Jante Law

Groupthink squashing Individualism...

from A Fugitive Crosses His Tracks
Aksel Sandemose 

Sandemose in his 1933 novel formalized a set of laws that had been a sociological form of behavior in the Scandinavian world for centuries. They are important in the United States, especially in the upper midwest states, because they still heavily operate in that region where many Scandinavian immigrants settled. As these immigrants migrated across the country in the 20th century, they brought these traits with them, permeating local culture, integrating the concepts of collectivism and socialism and enforcing these social behaviors and political beliefs into American society.

They are antithetical to Individualism, Freedom of the Individual, Entrepreneurial Enterprise, Creative Expression and defeat positive thinking ego in the worst possible way. To me they are essentially anti-American because they are based on conformity and discourage originality, open discussion, creative thinking or anything "outside the box." Regardless, they are widely accepted as the norm in many communities, influencing our social, economic and political culture, destroying the potential of creative minds and new ideas.

The chief principle to all of them is: 

Don't think you are anyone special or that you are better than anyone else.

The rules are:

1.   Don't think that you are special.
2.   Don't think you are of the same standing as others.
3.   Don't think you are smarter than others.
4.   Don't fancy yourself as being any better than others.
5.   Don't think that you know more than others.
6.   Don't think that you are more important than others.
7.   Don't think that you are good at anything.
8.   Don't laugh at others.
9.   Don't think that any one of us cares about you.
10. Don't think that you can teach others anything.
11. Don't think there isn't anything that we don't know about you.



  1. I'm sitting here thinking (though the law seems to abhor much of that) about people like Edison and Bell and Gates and Lincoln and Douglass and any number of others who've truly accomplished things worth accomplishing. There may have been a few who did their work free of ego but I highly doubt that their numbers are great. Pure altruism is a rare quality among achievers. Some of them think they're better than other people and some of them- probably the real radicals- don't even care about that. And yet they came up with (and some of them continue to devise) ideas and things that make the world, if not a better place, at least a seemingly better one.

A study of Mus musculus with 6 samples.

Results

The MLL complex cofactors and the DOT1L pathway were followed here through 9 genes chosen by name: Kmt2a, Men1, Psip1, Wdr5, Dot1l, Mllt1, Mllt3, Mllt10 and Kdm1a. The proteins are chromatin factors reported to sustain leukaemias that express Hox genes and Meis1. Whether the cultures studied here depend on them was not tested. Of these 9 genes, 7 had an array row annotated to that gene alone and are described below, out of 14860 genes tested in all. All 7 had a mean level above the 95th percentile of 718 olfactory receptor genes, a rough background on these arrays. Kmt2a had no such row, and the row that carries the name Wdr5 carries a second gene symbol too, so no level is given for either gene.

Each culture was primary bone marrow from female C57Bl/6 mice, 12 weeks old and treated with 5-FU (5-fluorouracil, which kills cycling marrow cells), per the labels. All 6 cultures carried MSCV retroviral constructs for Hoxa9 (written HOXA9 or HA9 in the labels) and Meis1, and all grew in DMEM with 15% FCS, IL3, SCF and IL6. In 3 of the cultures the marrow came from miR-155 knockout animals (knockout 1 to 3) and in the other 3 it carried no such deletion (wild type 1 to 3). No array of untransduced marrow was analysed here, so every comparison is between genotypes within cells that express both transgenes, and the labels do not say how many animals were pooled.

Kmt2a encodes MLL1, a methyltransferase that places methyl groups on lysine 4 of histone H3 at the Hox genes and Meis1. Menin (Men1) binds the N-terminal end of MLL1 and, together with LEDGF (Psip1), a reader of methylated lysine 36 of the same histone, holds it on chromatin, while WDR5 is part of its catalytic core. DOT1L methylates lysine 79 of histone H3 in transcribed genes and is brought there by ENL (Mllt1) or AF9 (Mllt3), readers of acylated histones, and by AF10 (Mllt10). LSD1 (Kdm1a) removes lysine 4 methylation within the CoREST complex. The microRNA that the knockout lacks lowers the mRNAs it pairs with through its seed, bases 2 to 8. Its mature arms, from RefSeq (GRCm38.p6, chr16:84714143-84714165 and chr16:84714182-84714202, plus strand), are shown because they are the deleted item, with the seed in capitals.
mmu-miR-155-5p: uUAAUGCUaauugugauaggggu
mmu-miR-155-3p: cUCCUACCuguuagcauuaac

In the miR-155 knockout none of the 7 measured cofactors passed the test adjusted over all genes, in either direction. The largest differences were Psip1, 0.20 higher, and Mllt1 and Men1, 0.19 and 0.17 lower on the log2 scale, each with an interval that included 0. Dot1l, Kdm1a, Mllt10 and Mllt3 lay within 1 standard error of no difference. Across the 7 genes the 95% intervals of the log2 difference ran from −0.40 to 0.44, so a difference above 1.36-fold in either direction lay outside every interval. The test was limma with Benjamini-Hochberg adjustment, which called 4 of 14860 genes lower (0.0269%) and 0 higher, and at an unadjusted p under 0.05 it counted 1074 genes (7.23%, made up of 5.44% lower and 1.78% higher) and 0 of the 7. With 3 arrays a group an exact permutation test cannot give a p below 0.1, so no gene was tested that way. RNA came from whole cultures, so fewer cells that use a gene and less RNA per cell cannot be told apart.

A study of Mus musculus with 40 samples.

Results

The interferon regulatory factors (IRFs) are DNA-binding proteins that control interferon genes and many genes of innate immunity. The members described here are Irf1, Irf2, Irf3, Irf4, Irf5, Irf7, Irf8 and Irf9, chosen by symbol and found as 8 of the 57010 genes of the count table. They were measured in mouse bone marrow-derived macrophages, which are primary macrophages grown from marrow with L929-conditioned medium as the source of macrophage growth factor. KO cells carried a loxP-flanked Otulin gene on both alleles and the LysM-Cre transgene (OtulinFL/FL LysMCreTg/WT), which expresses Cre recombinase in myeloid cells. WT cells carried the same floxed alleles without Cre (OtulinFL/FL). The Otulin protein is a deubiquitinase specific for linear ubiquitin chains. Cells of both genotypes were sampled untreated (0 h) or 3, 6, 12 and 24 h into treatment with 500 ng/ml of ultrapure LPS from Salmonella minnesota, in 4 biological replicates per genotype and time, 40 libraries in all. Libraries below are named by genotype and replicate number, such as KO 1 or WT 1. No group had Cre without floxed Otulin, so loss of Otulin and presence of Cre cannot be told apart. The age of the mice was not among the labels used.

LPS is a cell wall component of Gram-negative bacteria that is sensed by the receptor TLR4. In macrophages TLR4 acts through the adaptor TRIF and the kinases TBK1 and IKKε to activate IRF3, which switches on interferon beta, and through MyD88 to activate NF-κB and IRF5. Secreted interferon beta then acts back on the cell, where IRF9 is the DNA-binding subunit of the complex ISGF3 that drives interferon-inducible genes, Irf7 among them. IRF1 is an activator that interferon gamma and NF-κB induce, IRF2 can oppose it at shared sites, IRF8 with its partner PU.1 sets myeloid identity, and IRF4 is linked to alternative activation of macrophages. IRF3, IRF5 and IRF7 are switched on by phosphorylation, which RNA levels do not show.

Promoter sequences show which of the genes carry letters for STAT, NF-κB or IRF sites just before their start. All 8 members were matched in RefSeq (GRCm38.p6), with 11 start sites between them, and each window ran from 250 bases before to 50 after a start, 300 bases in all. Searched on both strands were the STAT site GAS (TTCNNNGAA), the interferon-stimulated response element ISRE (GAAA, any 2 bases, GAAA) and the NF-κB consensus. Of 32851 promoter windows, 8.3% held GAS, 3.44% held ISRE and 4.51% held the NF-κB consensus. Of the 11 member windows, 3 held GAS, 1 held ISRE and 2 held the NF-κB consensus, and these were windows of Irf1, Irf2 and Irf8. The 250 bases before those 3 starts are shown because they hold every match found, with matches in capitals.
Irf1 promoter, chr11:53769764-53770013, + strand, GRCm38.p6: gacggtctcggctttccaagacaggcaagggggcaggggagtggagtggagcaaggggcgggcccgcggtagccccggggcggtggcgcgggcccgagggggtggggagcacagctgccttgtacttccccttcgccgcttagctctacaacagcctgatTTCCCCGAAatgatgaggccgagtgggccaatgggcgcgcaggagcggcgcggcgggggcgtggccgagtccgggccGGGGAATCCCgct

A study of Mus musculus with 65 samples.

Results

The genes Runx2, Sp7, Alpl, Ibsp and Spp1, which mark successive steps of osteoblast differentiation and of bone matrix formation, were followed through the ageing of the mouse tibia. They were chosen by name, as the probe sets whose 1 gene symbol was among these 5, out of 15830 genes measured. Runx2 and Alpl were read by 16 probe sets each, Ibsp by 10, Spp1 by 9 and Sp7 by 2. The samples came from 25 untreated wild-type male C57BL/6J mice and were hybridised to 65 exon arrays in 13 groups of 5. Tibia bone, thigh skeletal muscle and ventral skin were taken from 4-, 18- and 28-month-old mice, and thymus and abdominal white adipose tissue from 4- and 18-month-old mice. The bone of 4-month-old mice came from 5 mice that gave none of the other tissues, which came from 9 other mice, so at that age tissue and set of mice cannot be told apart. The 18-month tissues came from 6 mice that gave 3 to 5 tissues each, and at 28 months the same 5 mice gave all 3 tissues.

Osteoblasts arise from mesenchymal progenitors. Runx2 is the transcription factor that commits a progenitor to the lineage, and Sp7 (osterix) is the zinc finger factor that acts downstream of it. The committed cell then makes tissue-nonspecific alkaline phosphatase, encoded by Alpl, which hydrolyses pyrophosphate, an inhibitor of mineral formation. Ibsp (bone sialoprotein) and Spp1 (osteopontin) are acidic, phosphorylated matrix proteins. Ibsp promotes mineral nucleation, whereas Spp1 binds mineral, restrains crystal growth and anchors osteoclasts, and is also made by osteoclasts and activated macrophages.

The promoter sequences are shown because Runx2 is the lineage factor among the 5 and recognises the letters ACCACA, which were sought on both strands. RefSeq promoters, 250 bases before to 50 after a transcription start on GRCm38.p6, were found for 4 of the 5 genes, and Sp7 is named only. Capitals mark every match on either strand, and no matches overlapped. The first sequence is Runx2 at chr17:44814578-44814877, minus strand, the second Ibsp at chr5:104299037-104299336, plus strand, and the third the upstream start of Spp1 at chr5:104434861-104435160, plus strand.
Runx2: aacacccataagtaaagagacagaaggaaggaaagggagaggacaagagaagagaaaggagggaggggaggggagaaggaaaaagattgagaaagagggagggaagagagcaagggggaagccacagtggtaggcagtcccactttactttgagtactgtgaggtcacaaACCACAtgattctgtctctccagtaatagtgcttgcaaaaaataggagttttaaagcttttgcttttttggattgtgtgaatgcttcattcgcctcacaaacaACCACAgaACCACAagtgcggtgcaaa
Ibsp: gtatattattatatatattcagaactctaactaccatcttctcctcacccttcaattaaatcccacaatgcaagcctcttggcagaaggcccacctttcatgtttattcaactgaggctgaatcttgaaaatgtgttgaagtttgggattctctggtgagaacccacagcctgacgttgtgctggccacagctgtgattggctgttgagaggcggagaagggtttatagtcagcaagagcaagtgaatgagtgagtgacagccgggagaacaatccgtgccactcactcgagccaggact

And yet I'd imagine collectivists use computers and cars and phones and civil rights, among any number of other great things we have here.

    The great things about the U.S. were almost all created and executed and insured by rebels and egoists, and sometimes grossly hypocritical ones at that...according to these laws we have it all wrong. Under the circumstances it's funny we're having trouble keeping people OUT of this awful place, isn't it?

    Just thinking and rambling again. Take care, JR!

  2. Your rambling sure is a lot of fun to read! and makes a lot of sense too...

    In the nineties when I was a corporate road warrior instructor, acting as a "change agent" for a stodgy old company, I did pretty well with groups in western cities. I hit St. Paul and Fargo though and was a confused rebel because those people were having nothing of any kind of change no matter what "corporate" wanted. Who was I to think I was "special" by gawd and tell them to "let loose and think creatively?" I didn't know what had hit me until a guy says "I see you've been blindsided by Jante Law." Then I learned what it was.

    Arizona is known for it's rebellious (obviously) and contrarian "red state" ways. We have a sizable amount of migrants from the upper midwest and they're usually of two types: mostly they're the ones who wanted to get away from all that oppression which explains some of our seeming overreaction to things out here. Then there is that minority, the hard core Jante Law types who are constantly fighting our "system" because they're so much more "enlightened." I feel sorry for them because they're the perpetual "anti" crowd who just can't understand why we won't shut up and listen, behave and realize we're not "special" and do what they say and things will then go "smoothly."

    Which of course is the opposite of what Arizonans are all about.